CHARLOTTE, N.C. (QUEEN CITY NEWS) — Just beneath ground level on South College Street, DeMichael Gholston has been cutting hair for 20 years. 

“It’s so different, you know,” the barber at Relaxations Grooming Bar said. 

Three years ago, it was common for 30 customers to walk through his doors daily, today – now it’s six. 

“I mean, this shop used to stay full of workers and customers but now it’s just me and the owner here, and I’m usually the only one here,” Gholston said. 

Gholston isn’t alone in this struggle. His neighbors, a flower shop and a convenient store have also experienced a dramatic decline in customers. They used to fill office buildings like the One Wells Fargo Center located directly across the street. 

“This asset is a poster child for the issue post-pandemic of nobody wants to go to the office,” managing partner of Lincoln James Capital Sokoni Scott said. 

The building, once occupied by Wachovia Bank, became Wells Fargo’s East Coast headquarters in 2010. The bank’s looming departure from the building this year is expected to leave offices more than half-empty.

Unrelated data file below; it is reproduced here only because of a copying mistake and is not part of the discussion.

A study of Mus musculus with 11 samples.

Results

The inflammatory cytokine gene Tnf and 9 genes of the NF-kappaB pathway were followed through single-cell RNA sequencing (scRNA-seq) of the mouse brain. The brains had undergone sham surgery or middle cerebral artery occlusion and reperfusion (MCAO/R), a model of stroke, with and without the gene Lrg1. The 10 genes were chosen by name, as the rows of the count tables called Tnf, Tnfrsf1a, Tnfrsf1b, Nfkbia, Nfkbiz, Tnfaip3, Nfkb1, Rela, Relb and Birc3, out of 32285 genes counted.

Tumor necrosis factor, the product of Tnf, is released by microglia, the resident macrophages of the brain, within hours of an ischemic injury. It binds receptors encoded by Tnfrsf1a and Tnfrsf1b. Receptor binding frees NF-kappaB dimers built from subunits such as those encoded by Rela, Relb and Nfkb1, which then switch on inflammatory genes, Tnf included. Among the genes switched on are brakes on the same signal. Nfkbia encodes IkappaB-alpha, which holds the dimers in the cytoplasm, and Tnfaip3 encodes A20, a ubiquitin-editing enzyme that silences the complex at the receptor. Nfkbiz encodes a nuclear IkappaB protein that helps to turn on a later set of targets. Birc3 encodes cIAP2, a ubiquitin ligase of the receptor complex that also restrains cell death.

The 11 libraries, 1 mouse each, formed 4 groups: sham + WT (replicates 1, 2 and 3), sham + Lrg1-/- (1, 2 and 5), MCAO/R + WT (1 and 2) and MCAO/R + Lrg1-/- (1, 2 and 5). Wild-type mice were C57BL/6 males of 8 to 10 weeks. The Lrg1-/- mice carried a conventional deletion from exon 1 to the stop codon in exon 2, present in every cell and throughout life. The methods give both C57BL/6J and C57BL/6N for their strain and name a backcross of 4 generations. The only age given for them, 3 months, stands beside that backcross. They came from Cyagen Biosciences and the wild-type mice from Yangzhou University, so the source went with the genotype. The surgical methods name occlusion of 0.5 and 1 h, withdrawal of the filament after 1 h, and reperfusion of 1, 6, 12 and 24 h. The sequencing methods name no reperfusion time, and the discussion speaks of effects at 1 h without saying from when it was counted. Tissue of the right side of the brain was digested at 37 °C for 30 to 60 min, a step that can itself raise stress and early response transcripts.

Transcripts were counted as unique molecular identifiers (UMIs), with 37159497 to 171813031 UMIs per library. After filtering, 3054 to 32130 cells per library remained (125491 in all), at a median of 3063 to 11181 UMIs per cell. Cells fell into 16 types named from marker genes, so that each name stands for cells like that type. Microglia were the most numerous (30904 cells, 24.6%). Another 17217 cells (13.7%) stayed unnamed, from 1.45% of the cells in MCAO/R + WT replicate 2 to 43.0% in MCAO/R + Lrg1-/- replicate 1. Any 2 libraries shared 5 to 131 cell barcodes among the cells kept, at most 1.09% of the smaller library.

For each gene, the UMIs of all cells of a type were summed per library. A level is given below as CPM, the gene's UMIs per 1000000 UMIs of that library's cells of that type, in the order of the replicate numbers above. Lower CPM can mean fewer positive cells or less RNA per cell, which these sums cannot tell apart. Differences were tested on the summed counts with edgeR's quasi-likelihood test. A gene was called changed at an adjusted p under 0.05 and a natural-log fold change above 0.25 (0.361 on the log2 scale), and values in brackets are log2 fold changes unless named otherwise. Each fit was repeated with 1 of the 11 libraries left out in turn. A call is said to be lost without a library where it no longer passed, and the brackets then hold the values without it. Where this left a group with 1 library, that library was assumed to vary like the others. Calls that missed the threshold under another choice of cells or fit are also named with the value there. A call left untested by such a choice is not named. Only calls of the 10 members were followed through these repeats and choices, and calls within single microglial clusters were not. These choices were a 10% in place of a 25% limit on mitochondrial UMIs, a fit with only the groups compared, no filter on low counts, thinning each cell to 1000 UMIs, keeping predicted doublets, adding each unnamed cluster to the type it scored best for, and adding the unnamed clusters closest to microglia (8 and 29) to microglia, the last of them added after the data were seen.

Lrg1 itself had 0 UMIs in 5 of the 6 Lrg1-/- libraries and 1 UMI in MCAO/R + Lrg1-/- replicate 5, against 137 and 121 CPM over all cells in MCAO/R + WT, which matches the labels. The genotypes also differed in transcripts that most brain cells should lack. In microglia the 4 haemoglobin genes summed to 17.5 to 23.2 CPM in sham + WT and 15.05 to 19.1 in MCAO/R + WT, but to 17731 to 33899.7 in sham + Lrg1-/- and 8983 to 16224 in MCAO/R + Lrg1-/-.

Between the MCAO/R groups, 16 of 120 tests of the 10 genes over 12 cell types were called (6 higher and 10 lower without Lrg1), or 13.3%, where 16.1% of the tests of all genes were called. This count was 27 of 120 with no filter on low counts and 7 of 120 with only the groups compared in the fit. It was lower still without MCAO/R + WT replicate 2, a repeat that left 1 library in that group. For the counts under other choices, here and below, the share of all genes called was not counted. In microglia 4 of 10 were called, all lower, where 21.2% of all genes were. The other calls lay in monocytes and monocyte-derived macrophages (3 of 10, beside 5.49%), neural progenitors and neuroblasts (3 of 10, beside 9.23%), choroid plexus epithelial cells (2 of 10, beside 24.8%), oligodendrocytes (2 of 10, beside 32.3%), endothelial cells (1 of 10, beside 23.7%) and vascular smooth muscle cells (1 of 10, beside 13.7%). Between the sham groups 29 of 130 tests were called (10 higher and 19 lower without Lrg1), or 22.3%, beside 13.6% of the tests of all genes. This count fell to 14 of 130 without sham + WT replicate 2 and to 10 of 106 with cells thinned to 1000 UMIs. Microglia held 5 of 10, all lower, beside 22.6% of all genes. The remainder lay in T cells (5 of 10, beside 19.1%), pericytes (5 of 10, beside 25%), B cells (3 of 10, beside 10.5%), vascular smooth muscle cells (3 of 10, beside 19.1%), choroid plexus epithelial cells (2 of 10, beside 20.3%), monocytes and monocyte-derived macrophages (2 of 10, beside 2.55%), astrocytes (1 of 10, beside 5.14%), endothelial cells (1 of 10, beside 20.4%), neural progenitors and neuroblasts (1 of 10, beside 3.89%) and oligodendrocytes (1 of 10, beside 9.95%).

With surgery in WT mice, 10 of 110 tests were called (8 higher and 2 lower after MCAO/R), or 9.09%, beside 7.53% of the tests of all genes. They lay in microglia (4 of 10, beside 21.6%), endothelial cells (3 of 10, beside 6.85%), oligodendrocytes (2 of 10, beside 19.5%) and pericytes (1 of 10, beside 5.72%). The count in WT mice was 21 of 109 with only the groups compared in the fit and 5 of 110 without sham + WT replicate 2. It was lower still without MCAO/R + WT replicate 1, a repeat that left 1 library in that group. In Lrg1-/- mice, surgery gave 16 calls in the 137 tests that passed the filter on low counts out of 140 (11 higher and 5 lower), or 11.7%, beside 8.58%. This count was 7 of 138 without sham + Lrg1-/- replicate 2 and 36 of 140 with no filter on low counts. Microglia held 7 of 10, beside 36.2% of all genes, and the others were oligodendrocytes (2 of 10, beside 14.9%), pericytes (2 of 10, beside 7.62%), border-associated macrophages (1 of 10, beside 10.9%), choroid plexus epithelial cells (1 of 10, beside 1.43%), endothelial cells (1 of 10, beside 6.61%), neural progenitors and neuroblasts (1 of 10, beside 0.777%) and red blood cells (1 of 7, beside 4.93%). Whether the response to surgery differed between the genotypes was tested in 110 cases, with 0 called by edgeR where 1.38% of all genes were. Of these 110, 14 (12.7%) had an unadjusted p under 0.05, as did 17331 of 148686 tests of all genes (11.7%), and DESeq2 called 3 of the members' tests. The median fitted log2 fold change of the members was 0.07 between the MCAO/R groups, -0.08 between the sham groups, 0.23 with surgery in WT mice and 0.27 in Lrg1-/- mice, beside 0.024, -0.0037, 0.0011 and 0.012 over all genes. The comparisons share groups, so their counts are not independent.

According to filings on CoStar, a commercial real estate information company, the building went into receivership earlier this month after its owner, Vision Properties, missed loans payments. The filing shows the company still has $157 million left on its loan. 

Wells is amid a move into on the former Duke Energy tower at 550 S. Tryon St., just a few blocks south.

Scott says the company has three options: Sell the property at a lower value, refinance or hand over the keys to the lender. 

“In 2016 they purchased it at 98 percent occupancy and so they’ve owned it,” he said. “They’ve paid the mortgage, and the mortgage came due earlier this year, I believe it was May, and so now they are in a situation where it is not as valuable as it was.” 

Right now, the building’s largest tent is the bank it shares its name with. Once Wells Fargo moves out, it’s first, second and fourth largest tenants have leases that expire within five years. 

“I anticipate that ultimately this property will be a booming property at some point in the future, but at the meantime, the owners and the city will feel a little bit of pain,” Scott said.